Article by Darren Bernhardt, CBC News
A once-prohibited vice and one of the targets of the “Just Say No” anti-drug campaign of the 1980s, marijuana is set to become legal in Canada next summer — so it’s high time to talk to your kids about it.
“There are important questions, and hard questions, that parents might be wrestling with, like, ‘How do we reconcile this when we’ve told our child all along this is never to happen, and all of a sudden here it is happening?'” said Naomi Kruse, executive director of the Manitoba Association of Parent Councils.
On July 1, 2018, the taboo topic of toking will become a government-backed business, complete with storefronts and advertising.
The Addictions Foundation of Manitoba advises parents should not wait until there is an issue, but should be proactive by talking with kids early on.
“We’re already getting questions from some of our youth counsellors, our school-based counsellors, who have had parents ask, ‘How is this going to affect my child and what should I do?'” said Catarina Witt, AFM communications co-ordinator.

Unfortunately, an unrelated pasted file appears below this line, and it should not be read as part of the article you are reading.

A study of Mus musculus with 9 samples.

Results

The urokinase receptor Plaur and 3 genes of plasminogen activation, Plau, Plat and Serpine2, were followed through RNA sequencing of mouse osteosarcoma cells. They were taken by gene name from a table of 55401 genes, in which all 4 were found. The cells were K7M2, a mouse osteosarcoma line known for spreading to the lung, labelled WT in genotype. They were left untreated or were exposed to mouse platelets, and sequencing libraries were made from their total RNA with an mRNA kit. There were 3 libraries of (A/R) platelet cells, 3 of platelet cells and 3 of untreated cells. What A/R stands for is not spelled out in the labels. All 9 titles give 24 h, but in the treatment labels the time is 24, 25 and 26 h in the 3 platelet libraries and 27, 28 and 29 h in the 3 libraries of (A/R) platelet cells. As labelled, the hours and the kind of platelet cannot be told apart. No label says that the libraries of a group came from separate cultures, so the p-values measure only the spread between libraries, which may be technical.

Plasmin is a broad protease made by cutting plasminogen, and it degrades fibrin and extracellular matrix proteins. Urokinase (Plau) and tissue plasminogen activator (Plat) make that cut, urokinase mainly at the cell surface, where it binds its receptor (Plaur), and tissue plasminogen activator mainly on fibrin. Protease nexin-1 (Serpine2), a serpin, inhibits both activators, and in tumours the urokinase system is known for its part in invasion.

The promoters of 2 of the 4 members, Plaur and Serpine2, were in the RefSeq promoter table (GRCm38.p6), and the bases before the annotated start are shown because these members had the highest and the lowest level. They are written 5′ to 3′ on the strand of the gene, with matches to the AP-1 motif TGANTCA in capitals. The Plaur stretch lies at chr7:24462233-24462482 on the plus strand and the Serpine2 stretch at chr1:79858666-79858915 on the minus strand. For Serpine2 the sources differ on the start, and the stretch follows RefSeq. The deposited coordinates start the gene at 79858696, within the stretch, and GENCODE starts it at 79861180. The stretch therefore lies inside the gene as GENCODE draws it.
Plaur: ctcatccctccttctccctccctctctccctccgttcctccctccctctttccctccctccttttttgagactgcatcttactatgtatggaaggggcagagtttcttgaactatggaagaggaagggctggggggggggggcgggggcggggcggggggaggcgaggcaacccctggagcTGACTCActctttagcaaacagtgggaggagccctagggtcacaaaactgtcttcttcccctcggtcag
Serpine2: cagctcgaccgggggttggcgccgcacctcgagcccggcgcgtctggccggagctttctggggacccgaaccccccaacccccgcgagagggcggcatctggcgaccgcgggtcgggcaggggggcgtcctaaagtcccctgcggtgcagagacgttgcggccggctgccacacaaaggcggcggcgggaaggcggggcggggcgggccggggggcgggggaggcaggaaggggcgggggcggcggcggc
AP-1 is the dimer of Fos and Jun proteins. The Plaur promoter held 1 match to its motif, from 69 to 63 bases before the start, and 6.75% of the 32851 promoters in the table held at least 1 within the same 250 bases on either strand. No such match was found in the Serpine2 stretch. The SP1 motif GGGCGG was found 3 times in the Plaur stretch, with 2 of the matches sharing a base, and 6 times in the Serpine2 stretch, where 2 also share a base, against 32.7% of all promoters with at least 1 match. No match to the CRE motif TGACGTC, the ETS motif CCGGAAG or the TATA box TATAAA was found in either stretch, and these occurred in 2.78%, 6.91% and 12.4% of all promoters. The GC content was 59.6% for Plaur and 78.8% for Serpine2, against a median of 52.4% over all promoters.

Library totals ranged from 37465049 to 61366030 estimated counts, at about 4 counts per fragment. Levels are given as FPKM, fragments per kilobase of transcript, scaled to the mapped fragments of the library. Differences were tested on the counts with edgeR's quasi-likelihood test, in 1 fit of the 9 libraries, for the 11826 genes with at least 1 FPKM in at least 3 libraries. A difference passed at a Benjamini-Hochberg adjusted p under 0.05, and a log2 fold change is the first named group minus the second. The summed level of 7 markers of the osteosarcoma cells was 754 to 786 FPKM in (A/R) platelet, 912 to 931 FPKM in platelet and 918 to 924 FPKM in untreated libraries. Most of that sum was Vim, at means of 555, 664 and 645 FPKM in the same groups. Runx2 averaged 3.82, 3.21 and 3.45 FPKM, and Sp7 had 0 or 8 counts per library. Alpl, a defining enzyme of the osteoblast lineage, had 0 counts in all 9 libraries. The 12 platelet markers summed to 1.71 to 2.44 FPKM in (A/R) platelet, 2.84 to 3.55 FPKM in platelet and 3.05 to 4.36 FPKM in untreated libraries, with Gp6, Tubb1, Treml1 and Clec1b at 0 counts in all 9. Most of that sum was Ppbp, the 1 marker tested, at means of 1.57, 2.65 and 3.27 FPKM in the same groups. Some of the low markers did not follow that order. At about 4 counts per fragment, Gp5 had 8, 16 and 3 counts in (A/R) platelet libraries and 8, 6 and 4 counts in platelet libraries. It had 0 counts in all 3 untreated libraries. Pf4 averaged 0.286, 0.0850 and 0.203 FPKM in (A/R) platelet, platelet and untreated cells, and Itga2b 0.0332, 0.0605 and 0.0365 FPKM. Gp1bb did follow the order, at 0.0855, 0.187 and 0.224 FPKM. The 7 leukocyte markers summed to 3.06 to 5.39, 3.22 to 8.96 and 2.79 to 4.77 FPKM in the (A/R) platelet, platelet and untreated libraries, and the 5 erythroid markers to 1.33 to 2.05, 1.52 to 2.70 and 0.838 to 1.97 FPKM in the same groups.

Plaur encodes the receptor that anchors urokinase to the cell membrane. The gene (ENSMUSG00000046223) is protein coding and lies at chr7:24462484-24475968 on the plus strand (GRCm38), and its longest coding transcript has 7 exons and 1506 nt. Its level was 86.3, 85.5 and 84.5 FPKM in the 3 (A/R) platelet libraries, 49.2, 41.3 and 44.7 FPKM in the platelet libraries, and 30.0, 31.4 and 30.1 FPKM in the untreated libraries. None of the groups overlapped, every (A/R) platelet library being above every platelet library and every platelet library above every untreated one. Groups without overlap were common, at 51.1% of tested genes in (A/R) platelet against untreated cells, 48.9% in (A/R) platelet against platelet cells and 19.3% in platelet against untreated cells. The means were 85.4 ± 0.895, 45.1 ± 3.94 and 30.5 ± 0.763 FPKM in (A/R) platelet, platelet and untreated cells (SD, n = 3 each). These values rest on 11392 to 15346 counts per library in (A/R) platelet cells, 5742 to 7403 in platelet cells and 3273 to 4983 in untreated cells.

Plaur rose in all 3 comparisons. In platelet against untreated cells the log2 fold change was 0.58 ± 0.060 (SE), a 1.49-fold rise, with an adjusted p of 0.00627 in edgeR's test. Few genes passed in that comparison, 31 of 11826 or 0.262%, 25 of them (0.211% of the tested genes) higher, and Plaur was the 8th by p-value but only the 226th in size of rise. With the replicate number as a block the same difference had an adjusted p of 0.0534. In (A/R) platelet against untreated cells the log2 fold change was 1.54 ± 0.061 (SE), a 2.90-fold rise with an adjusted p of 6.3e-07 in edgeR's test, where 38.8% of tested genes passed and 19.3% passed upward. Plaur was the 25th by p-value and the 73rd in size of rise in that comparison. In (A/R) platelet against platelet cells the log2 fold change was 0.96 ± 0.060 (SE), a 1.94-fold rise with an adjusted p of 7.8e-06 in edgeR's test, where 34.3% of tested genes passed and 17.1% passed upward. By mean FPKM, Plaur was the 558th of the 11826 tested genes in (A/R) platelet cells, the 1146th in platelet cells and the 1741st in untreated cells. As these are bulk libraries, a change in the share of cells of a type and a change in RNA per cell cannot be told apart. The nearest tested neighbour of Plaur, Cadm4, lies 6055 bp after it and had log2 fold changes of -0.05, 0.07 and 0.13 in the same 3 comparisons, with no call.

The best approach is for parents to educate themselves on the realities of cannabis and then be “open about listening and having talks” with their kids, she said.
“Be available to hear, to listen and invite the opinions of your youth. They do have an opinion and once someone’s heard from them, they’re more likely to listen to our opinion, too.”
Kids need to know about cannabis, its pros and cons, and why the government decided to legalize it, both Witt and Kruse said, noting it’s the only way to peel away the myths and misconceptions.
Cannabis was first banned in Canada in 1923, with regulated medical cannabis becoming legal in 2001 for its health benefits.
The current Liberal government took things further, deciding Canada’s current system of marijuana prohibition doesn’t prevent young people from using the drug and too many end up with unnecessary criminal records for possession.